WARNING: The following article contains spoilers for Joker, in theaters now.
Todd Phillips' Joker attracted a high level of scrutiny before it even came out. Folks expected Joaquin Phoenix's Arthur Fleck to be sadistic, chaotic and overly violent, but instead we got an introverted mental health patient who only broke bad when he felt society didn't care for and then abandoned people like him anymore.
It's not a Joker raising hell for the fun of it. Instead, we've got someone meant to inspire sympathy -- outside of his murder spree. An Arthur Fleck we could even find ourselves rooting for under certain circumstances. With that in mind, it's worth thinking about whether or not it's easier to identify with this iteration of Joker in today's society over Batman. A question with a pretty simple answer: Yes. Not because anarchy should be endorsed but simply because, generally, we want symbols to stand up against the corruption the one percent partakes in.
This theme drives the film as we witness how capitalism exploits the lower-class so that the elite can feed off the fat of the land, draining society to the point the impoverished are left fighting for scraps. Arthur notices all this over decades, which is why, bit-by-bit, his sanity erodes. When he spews his final speech to Robert DeNiro's Murray Franklin, he makes it clear society looks down and spits on the downtrodden, not giving a damn about whether they live or die, as they're merely tools to make the rich even wealthier.
This incredibly relatable to our real world, where businessmen become billionaires while students remain in debt. Not to mention systems such as health care, insurance and education continue to work against the lower to middle class. This impacts on Arthur as he can't afford to look after a deranged mother, not to mention state funding gets cut for the mental health program he's enrolled in, once more proving when Thomas Wayne and his ilk go on TV talking about campaigns to be mayor, it's patronizing and nothing meaningful.
It's the kind of hardship a lot of people live with in the real world today, with so many crooked politicians doing the same and pitting the poor against the rich the way Thomas did. Hearing him calling common people "clowns" because he assumed one of them killed three bankers mirrors what so many businessmen think of the rest of us -- folks who'll probably never come close to that kind of money.
To them, they're not even the one percent, they're kings and queens in castles and ivory towers in gated communities like Wayne Manor, protected and taken care of, whose kids will enjoy Ivy League schools, all while benefitting off the backs of hardworking citizens. And again, Arthur's disenchanted; saddened to the point he admits he doesn't feel like "Happy" (his childhood nickname when he was innocent and didn't know better) anymore.
Admittedly, it's easier to side with someone who shows so much empathy and compassion for his fellow citizens but we'll never condone him using violence to express this frustration. Still, there's a reason Gotham connects with him and rises up in the Joker riots to celebrate him -- they see a rebel who fought the system and, in their eyes, won.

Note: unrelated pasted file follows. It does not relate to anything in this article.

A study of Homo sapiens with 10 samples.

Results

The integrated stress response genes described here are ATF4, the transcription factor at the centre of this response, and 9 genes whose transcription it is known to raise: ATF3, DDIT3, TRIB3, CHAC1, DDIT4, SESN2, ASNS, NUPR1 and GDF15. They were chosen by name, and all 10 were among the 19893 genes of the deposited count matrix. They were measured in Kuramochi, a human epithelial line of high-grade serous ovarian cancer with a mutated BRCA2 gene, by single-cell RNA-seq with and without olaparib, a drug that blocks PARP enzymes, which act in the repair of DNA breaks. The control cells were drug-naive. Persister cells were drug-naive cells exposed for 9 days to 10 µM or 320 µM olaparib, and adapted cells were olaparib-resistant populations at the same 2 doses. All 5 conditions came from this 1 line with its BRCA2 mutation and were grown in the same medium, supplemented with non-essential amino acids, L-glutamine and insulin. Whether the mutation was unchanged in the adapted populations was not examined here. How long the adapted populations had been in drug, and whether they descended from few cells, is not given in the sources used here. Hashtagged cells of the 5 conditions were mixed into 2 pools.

By doing so, Arthur is indeed the antithesis to Batman, who while representing a human ideal, comes from a place of privilege.
He didn't have to struggle or endure decades of servitude and grime like Arthur did. Now, we're not calling Bruce Wayne spoiled but he became his symbol of justice purely thanks to his extreme wealth, again something few of us, or Arthur, could experience. And in today's fractured world, where we see the male ego and toxic masculinity shouting at the top of the mountain, one has to wonder if powerful men like Bruce really are doing what they should with their money.
Thomas certainly didn't, merely paying lip service to charitable acts -- running media and propaganda sessions to hype his own political aspirations, reminding us they've got the means to fix society the civil way, they just choose not to. Arthur didn't have these tools and so, he has to force a way through, which is where the Joker comes in, not as a symbol of justice, but as one against injustice.
There's a stark difference there because he's not entitled, he doesn't come from a dynasty (though the film plays with this idea) and in terms of legacy, he's all alone. Most of us can relate to that, carving our path in the world without having anything or anyone like a Thomas, Alfred or Lucius Fox to hand us anything.
Sure, the Dark Knight works to make the world a better place at huge personal cost but without these tools, Arthur could only use the only instrument he knew: rage. And he always made it clear, he was "one bad day" away from snapping.
When we're in rush hour, on the clock, watching bosses racking up bonuses and buying mansions and yachts, we too often grow incensed, but it's about coping and overcoming peacefully. Don't do something you'll regret like Arthur, but still connect with his message of how society's forgotten ones remain just that: forgotten in the dark. That's why we identify with him more, he's one of us, as opposed to some philanthropist on a podium playing games in the public eye to sooth his inner narcissist.
Directed by Todd Phillips, Joker stars Joaquin Phoenix, Robert De Niro, Zazie Beetz, Bill Camp, Frances Conroy, Brett Cullen, Glenn Fleshler, Douglas Hodge, Marc Maron, Josh Pais and Shea Whigham.